President Clinton has gotten into the shameless habit of swiping good Republican ideas and repackaging them as his own. But now he is on the verge of lifting a bad one: a constitutional amendment on victims' rights.
The only worthwhile feature about the amendment is its feel-good name. Who can quarrel with helping victims? Especially in an election year.But the amendment - endorsed earlier by Republican rival Bob Dole - does nothing that Congress and the state legislatures couldn't do tomorrow if they so desired. Some provisions of the amendment are already law in most states, including Utah. And much of what the federal amendment would address, state criminal laws and state court procedures, might produce a constitutional problem of its own.
While a federal amendment could achieve more uniformity, it would also take away the freedom and flexibility of states to individualize laws and enforcement to fit their varying circumstances.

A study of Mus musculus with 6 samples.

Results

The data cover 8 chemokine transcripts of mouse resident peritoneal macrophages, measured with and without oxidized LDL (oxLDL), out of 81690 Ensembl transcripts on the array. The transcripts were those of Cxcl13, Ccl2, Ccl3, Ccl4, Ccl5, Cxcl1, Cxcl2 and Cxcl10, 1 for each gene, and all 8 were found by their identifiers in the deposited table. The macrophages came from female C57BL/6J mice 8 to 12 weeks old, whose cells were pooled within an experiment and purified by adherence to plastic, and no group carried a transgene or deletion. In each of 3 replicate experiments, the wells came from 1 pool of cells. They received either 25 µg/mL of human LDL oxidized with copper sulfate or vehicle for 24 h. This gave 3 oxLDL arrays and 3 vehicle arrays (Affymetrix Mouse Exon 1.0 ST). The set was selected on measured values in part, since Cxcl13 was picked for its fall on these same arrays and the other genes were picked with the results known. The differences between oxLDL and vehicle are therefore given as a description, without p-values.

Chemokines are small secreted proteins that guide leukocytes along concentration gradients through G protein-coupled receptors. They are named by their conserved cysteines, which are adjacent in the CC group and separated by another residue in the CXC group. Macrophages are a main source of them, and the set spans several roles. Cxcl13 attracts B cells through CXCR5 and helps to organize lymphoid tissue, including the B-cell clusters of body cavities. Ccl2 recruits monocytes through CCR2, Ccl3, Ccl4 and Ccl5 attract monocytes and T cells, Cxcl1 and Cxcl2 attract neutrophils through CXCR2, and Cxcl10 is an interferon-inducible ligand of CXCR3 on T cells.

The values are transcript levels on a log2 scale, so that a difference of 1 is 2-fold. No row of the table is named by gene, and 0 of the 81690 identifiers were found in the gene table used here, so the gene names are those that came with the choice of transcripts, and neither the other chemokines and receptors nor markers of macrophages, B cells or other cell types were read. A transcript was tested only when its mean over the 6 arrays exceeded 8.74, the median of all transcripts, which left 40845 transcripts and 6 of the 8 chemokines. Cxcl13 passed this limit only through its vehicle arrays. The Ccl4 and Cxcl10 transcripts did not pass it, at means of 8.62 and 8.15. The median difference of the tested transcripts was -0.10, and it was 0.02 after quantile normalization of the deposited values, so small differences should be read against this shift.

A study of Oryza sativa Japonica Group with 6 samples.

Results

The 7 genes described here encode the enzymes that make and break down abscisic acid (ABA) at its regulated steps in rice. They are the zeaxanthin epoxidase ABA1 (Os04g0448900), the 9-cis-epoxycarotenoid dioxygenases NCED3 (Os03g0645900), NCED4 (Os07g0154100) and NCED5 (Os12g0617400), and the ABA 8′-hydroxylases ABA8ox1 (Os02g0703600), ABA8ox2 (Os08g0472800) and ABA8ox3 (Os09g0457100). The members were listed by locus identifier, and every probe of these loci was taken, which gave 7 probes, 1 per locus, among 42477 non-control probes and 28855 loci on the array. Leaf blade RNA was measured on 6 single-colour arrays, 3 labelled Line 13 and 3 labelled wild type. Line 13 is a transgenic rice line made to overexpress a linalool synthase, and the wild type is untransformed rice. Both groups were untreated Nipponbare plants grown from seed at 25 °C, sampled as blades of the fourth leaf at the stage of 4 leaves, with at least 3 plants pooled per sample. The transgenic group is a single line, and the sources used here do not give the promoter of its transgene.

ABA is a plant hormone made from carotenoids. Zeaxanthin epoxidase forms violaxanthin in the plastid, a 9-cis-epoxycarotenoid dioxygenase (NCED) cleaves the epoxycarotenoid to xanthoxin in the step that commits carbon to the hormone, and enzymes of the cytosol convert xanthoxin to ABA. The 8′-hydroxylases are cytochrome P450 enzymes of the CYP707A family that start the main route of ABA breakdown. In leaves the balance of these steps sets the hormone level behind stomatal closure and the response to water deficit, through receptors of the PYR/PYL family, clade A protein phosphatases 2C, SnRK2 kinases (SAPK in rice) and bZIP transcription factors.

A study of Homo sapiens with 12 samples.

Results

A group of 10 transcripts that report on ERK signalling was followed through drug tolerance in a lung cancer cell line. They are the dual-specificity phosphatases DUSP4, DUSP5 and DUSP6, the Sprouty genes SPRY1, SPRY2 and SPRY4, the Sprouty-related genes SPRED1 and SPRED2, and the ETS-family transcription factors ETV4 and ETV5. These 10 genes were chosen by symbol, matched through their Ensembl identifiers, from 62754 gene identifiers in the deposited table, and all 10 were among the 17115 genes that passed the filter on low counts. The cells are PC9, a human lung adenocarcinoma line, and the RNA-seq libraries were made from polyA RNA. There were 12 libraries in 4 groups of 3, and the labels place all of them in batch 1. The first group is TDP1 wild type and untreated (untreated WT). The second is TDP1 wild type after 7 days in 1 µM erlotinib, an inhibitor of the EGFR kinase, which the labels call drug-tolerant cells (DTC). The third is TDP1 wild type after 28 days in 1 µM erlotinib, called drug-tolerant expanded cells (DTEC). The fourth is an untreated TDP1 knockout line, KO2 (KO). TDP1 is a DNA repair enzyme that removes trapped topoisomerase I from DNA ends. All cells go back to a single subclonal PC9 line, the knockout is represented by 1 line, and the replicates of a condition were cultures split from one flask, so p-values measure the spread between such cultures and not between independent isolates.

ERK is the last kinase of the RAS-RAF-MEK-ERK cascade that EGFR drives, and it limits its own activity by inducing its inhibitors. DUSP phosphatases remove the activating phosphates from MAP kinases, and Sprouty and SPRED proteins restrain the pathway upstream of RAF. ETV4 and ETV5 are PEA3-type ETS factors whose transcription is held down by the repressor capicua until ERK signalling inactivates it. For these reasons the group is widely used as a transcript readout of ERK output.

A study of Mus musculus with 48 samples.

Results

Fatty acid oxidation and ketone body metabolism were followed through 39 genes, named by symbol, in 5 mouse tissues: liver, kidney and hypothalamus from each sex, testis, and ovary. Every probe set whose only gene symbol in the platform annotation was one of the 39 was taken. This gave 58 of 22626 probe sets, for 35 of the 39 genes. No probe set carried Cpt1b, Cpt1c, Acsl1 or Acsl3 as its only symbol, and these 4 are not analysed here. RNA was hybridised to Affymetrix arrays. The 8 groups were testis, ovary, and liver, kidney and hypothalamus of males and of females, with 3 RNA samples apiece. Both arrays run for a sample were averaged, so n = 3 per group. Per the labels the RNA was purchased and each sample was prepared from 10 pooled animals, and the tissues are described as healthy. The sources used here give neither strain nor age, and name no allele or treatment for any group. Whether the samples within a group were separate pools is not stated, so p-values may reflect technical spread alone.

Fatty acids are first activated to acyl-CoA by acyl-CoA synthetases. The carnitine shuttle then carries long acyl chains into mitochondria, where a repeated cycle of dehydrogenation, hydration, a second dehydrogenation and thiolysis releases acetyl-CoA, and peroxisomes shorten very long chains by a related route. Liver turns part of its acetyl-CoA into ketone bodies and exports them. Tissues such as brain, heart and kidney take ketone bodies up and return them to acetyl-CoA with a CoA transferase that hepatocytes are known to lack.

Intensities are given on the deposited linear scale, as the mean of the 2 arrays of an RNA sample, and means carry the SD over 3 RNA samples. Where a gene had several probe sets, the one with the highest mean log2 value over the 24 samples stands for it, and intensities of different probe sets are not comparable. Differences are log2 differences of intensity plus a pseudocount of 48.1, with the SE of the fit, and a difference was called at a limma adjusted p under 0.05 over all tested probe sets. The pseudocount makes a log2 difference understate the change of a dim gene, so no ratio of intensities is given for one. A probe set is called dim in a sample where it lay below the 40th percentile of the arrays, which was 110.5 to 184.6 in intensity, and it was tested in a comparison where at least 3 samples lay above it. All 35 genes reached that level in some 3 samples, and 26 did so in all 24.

Scripps Howard News Service reports that the version of the amendment being mulled by the White House for Clinton's endorsement would undertake to guarantee speedy trials, the right of victims to sue for restitution, to be protected from intimidation, to be notified of court proceedings, paroles and escapes.
Much of what the amendment proposes to remedy - speedy trials, victim protection - is largely a matter of money and manpower, neither of which the amendment provides or requires.
An insidious drawback to this amendment and others like it is that they are "fire-and-forget" solutions. The president and Congress can always say, "Sure, we did something about victims' rights. We passed a constitutional amendment."
If they were serious, they could provide extra funding for extra judges, prosecutors and public defenders for speedy trials and then go before the voters to defend the wisdom of their spending and the new taxes to pay for it.
That would be far more effective than creating a whole new class of "rights," the exercise of which or the perceived abridgment of which would only tie up the courts further.